Saturday, February 10, 2018
Whipper & Politics 1965
Whipper Watson won a lot of battles over his lifetime. For a big star he lost more than his share of bouts in the ring, but usually won the battle.
In 1965 at the age of 48 Whipper would try his hand at politics to run on his home turf for the '65 Federal Election.
At the time Whipper was 25 years into his pro wrestling career and while getting up in age - and with limited mobility - he was still a huge star on the weekly cards at Maple Leaf Gardens.
He was still the British Empire champ though working in tag teams most of the time. His bouts generally stayed under 15 minutes and he was travelling less, preferring to stay close to the farm he owned on the South shores of Lake Simcoe.
Frank Tunney had planned a 'Silver Aniversary' contest for Whip in October but then Prime Minister Lester B. Pearson announced a federal election for Nov 8 1965 and Whipper decided to turn from the wrestling ring to the political ring.
For the Sept 9 1965 card he was matched against Professor Hiro (managed by Whip's long time adversary Fred Atkins) and it was called a 'farewell - for present at least.'
Whipper was not new to the political forum, at least in concept. He was frequently appearing at events around Toronto covering both the business and charity worlds and was constantly hob-knobbing with Mayors, Commissioners, Sports Figures, Actors, and other stars of their respective fields.
He had ran several business, and had a hand in promoting wrestling and parts of the office both here and in the U.S. He had also been at the forefront of several battles with both the city and the Sports Commission over Pro Wrestling. More on that in another column.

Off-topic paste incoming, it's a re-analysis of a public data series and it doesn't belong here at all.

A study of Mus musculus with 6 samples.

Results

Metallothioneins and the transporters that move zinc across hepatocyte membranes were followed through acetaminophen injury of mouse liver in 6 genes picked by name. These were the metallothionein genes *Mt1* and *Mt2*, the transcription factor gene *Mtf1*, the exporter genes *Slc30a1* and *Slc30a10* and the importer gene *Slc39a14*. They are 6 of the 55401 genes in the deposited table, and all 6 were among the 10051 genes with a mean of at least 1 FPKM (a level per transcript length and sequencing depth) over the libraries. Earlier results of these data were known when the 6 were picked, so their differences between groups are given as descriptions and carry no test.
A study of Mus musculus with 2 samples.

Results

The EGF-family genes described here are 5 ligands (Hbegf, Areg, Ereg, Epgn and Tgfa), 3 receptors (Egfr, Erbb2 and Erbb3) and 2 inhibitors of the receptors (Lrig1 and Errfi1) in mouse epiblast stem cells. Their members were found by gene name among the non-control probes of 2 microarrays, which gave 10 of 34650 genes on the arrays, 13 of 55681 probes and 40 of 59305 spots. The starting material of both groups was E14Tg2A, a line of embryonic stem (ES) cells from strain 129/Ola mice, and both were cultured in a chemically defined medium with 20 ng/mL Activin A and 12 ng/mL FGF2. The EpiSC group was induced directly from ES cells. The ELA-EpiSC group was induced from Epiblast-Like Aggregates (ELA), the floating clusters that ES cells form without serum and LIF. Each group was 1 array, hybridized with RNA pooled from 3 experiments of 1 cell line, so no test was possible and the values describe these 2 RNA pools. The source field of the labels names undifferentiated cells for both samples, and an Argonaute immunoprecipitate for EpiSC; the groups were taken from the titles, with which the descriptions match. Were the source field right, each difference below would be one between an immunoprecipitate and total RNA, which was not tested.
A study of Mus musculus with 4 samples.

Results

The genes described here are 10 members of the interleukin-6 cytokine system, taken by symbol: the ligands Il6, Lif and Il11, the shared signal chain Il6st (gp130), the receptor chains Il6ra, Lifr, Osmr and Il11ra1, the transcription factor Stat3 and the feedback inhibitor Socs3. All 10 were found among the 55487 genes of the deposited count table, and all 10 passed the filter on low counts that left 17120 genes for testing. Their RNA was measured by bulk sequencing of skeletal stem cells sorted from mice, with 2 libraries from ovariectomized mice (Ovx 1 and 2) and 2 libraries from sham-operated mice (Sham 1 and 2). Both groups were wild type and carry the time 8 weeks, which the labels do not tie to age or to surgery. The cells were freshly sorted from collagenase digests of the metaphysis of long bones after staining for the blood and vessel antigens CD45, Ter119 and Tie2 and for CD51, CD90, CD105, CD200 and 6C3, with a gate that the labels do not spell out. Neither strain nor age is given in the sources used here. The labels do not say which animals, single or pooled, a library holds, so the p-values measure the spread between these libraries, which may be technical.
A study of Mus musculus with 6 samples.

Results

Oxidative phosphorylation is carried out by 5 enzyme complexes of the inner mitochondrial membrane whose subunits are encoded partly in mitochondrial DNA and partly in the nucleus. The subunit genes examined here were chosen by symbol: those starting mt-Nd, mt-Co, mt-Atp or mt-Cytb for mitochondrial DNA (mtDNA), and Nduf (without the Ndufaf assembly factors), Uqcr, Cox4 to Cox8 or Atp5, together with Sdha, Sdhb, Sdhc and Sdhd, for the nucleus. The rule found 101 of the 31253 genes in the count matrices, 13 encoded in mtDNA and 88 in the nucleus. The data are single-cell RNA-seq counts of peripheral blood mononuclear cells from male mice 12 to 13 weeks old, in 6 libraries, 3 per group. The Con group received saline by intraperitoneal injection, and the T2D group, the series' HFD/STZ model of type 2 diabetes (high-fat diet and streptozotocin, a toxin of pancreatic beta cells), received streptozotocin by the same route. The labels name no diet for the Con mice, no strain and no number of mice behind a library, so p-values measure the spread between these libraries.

Whip was known as 'The Pride of East York' so it was a natural to try to win his home riding known as York East. He would have to overcome Steve Otto, a Lawyer who had held the seat since 1962. Otto, for the Liberals was billed at 162lbs vs Whipper for the Conservatives at 245. They would face a challenge from NDP incumbent William Smith (no weight given),
Otto had fallen out of favor in his own party, expecting to have to pay all his own expenses and saying 'I don't think the Liberal party would cry at all if I lost.'
Whipper, meanwhile had the whole of the Conservative party rooting hard for him, providing him with all of the assistance and encouragement it could muster. Prior to Otto taking the seat in 1962 the Conservatives had held the riding for the previous 37 years with the same guy -Robert McGregor 1935-1962.
Whipper didn't claim to know all the answers. He readily admitted that when it comes to economics and other political platforms he would be 'just kidding you' to claim to know the solutions but would find the experts who did. He would confine his campaign to a portfolio of physical fitness, programs for all Canadians and sponsorship of Canadian athletes, and scholarships at universities.
He promised to end his wrestling career to grapple full time with the problems of government if elected.
During his campaign which was centered in a large hall in East york and staffed with many volunteers, he would came back to the wrestling ring on Oct 3 to team with Johnny Powers against Hiro and Gene Kiniski before taking a break.
On Nov 8 when the numbers were counted Whipper lost, but not by much. Otto had 18,840 votes against Whipper's 15,312. Smith got 13,045 and outsider Bea Beacock with 194 making Whippers share about 32% of the vote, not bad for a first showing.
In the Federal spectrum Pearson remained Prime Minister, John Diefenbaker placed second, and Tommy Douglas with the NDP placed third. Douglas, whose daughter actor Shirley Douglas married actor Donald Sutherland, is the grandfather of Keifer Sutherland, Interestingly Keifer later resided in East York.
That would be the end of Whipper's political aspirations and a couple of weeks later he would be back at MLG revitalized to defend his title against Kiniski, the 3 fall bout going to almost an hour.